Careers

Fellowship Experiences

Grey Ballard

Grey Ballard

2014 Truman Fellow

Grey graduated from Wake Forest University (WFU) with a B.S. in mathematics and computer science and an M.A. in mathematics. He also earned a Ph.D. in computer science from the University of California, Berkeley. As an undergraduate, Grey received the John Y. Phillips Prize in Mathematics, an annual honor given to WFU’s outstanding graduating senior in mathematics. Grey is the lead author of six journal articles, including “Minimizing communication in linear algebra,” which received the Society for Industrial and Applied Mathematics (SIAM) Activity Group on Linear Algebra Prize. This prize is awarded triennially to the best linear algebra paper published in English in a peer-reviewed journal.

Grey is interested in improving fundamental computations so that they return accurate solutions more quickly, allowing scientists to work more interactively with data, solve larger problems, and improve simulation quality. Under the mentorship of Sandian Tammy Kolda, Grey is using computer-aided search to discover new and dramatically faster algorithms for matrix multiplication, one of the most fundamental computations. If successful, Grey’s improved algorithm will speed the solution of many large numerical problems of interest to Sandia and the larger world of computational simulation. Grey is also continuing his work on communication-avoiding linear algebra methods. He is analyzing the likelihood of current algorithms scaling to future exascale computers and is contributing communication-avoiding algorithms to the Trilinos library.

“Sandia provides an exciting environment for early career researchers: mentorship and collaborative opportunities with leading experts across many fields, as well as a culture of applying advances in computational research to enable bigger and better science. In addition, Truman Fellows have latitude to attack fundamental research challenges as principal investigators. This freedom is allowing me to pursue high-risk problems, as well as garner experience that will be invaluable in my scientific career. With Sandia's resources, the Truman Fellowship is an amazing opportunity to spark one’s postgraduate research endeavors.”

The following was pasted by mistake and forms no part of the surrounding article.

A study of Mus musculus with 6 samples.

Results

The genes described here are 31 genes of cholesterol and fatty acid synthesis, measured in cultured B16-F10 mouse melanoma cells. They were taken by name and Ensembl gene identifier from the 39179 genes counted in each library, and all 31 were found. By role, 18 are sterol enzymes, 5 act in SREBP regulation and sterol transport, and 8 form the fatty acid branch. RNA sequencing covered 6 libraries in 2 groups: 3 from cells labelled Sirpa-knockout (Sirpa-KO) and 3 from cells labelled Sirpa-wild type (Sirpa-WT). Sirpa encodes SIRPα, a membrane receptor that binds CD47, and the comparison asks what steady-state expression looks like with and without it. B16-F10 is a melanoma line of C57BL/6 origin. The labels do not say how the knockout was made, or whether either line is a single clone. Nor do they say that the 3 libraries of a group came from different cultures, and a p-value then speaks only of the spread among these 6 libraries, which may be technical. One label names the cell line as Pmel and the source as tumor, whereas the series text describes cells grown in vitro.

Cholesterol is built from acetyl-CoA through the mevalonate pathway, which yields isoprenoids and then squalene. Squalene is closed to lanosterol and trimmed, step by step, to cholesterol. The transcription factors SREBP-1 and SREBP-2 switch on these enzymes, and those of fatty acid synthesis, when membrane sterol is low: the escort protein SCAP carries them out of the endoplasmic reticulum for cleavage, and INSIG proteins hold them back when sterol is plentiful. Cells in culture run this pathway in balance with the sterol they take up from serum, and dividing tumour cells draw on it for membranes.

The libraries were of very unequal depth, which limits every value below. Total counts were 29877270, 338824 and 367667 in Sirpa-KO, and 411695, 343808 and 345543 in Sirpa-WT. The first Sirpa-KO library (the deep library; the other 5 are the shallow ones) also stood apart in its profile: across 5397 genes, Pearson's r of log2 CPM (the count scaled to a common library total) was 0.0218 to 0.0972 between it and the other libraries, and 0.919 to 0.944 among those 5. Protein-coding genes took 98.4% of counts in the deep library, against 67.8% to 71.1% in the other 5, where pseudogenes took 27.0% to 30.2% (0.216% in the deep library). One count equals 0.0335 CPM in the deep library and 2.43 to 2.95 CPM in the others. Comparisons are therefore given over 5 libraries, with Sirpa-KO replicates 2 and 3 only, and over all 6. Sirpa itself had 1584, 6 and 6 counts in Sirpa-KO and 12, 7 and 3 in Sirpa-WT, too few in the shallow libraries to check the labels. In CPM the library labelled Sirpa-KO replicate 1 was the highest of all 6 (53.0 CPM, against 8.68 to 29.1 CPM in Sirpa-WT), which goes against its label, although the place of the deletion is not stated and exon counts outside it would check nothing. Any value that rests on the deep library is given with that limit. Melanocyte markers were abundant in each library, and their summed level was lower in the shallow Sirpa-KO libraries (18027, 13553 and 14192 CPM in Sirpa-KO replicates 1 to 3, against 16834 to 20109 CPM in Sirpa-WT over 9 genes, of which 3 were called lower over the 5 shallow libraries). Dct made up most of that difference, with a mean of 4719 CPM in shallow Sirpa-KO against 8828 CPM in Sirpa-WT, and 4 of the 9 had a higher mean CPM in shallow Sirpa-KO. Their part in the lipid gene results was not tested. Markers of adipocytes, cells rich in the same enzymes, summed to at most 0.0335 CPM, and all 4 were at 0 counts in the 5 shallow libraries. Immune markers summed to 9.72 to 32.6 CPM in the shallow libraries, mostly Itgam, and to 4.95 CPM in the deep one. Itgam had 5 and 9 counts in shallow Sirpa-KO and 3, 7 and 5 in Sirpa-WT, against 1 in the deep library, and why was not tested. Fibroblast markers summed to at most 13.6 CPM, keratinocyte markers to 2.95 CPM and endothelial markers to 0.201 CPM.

John Gamble

John Gamble

2014 Truman Fellow

After being chosen as one of two commencement speakers for his undergraduate class at the College of Wooster, John followed his double major in physics and mathematics with a Ph.D. in physics at the University of Wisconsin-Madison. As an undergraduate, John conducted research in liquid crystal physics, density functional theory, quantum simulation, and quantum decoherence theory. He furthered his quantum computing explorations as a National Science Foundation Graduate Research Fellow, delving into multiparticle quantum random walks and the computational modeling of solid-state quantum devices. John has coauthored 18 publications and preprints on topics ranging from quantum random walks to experimental demonstrations of semiconductor quantum devices.

At Sandia, John’s goal is to increase the robustness of quantum information processing technology, facilitating the implementation of idealized schemes as real devices. Under the mentorship of Sandian Rick Muller, John is researching the physics of disordered semiconductor quantum systems in an effort to enable the design of disorder-resilient devices. To probe the impact of disorder on quantum devices, John is developing and applying numerical simulations that capture disorder’s essential physics while efficiently collecting high-quality statistics. In addition, John is developing new characterization and operation protocols for realistic quantum devices.

“The Truman Fellowship has exceeded my expectations, giving me an opportunity to integrate with an exceptional team of researchers dedicated to Sandia’s mission, as well as perform my own self-directed research. Serving as the principal investigator on my own research project is invigorating. The Truman Fellowship gives me the freedom and flexibility to see my scientific vision through, while expanding my higher-level project management skills, which are crucial to becoming a successful scientist. This freedom, taken together with generous supplemental research funding and access to Sandia’s impressive shared resources, truly makes the Truman Fellowship an ideal position for starting scientists or engineers looking to grow their careers.”